In response to a post on Palimpsest
It is naive of anyone in our discipline to discourage students from publishing at the earliest opportunity. Worse, it is potentially harmful. Jobs in many institutions nowadays require publications to even get through the door. This is especially the case in the UK (and may be the case elsewhere as well). With AHRC funding trying to get students to finish in three years, here is what happens. A student rushes through, finishes, and ends up with a dead fourth year when (a) there is no job til next year and (b) any publication submitted will take three to six months to go through a review process and 12-18 months to come out. If you are to get a job at the end of that fourth year, my advice to any student is to finish late and publish as early as possible.
Oh, and get to conferences, become visible. One thing that really messed me up before my viva was the need for an external referee, not an easy thing to acquire when you didn't do a master elsewhere.
Another point is that the review process is flawed for everyone, not just students. Sometimes major changes are required, sometimes stuff gets through that shouldn't. This is the case for all and shouldn't put students off submitting.
Two final comments. Any journal editor that rules out something because of the stage a person is at in their career is doing the discipline and their journal a disservice. How can a system be peer-reviewed properly when the journal editor censors the material submitted.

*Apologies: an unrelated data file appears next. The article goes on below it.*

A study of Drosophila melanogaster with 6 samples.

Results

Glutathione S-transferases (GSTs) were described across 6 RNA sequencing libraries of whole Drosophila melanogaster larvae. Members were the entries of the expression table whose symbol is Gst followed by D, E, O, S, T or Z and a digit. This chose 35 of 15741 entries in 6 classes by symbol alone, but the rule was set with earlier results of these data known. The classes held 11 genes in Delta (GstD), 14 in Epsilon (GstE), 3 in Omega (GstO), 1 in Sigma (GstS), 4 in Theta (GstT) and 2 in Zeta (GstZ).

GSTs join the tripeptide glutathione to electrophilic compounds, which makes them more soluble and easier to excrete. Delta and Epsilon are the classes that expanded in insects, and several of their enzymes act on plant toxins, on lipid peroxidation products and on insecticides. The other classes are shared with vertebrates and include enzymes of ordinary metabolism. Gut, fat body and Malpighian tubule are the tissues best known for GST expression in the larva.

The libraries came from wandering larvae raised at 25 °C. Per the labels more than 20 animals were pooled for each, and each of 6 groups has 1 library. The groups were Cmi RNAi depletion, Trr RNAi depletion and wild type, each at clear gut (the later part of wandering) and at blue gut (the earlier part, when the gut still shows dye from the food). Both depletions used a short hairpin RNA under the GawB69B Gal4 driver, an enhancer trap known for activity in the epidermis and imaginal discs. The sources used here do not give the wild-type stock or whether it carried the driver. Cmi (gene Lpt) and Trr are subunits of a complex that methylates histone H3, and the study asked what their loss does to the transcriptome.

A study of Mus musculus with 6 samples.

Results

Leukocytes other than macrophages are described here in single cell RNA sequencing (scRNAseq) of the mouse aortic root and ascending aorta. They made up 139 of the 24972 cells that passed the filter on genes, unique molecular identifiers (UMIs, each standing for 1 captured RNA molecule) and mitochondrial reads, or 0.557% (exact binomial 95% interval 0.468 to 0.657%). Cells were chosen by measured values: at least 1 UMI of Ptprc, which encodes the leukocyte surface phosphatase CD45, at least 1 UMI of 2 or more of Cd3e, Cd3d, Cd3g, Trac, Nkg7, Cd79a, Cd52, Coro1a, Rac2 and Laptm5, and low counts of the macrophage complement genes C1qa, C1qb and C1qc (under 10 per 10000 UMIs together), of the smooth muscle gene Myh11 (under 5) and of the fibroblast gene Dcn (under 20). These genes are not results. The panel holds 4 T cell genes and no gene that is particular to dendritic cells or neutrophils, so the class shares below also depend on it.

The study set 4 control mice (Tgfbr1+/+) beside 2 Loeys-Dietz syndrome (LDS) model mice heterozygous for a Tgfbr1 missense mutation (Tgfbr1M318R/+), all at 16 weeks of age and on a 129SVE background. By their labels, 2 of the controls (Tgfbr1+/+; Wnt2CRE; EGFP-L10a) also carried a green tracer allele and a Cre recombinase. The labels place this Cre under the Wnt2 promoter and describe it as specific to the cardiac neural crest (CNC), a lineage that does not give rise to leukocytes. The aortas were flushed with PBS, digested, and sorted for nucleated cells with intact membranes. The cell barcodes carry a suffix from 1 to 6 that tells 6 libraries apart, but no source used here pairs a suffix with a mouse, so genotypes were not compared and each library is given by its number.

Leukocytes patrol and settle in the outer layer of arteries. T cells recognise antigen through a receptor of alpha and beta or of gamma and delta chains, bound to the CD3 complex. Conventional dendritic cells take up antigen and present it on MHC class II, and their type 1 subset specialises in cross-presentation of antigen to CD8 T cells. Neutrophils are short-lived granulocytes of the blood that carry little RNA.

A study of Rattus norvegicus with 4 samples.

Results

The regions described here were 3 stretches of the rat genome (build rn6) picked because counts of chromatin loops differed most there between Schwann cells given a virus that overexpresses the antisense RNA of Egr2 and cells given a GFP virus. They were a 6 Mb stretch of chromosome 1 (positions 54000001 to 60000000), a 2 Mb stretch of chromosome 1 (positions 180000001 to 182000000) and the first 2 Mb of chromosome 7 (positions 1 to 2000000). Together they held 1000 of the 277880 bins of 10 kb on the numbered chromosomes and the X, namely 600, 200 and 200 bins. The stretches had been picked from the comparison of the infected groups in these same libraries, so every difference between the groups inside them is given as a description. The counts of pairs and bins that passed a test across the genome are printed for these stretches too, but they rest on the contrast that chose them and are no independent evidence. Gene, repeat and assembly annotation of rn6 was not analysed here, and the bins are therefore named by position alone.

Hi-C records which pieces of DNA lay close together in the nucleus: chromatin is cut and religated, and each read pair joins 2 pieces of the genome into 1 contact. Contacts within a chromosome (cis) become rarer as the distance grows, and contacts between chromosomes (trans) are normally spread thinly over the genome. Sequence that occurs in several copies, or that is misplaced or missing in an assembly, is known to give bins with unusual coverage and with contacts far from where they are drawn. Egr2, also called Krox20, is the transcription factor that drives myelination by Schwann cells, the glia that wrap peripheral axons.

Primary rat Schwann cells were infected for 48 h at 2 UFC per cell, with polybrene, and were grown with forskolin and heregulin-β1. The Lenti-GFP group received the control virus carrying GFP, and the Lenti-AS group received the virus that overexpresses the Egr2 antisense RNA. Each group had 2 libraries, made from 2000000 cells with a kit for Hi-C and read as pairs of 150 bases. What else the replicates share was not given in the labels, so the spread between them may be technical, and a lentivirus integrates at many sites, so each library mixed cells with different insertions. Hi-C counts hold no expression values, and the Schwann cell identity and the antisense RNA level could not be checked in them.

Finally (thank goodness, I hear you saying), don't worry about something published being there for all time. You have a choice to be two kinds of scholar. (1) The kind who never does anything incoherent and never changes his or her mind. Or you could be more playful and NOT take this so seriously. One of my lecturers once said to me that all work should be locked in a drawer for six months before publication. Her view was that most of it would be trashed. My view is that this just means you should be prepared to publish and change your mind later. Some great scholars have done this. As Emerson once said, consistency is the hobgoblin of small minds. Don't have a small mind, publish and then recant! After all, that's two publications for the price of one!!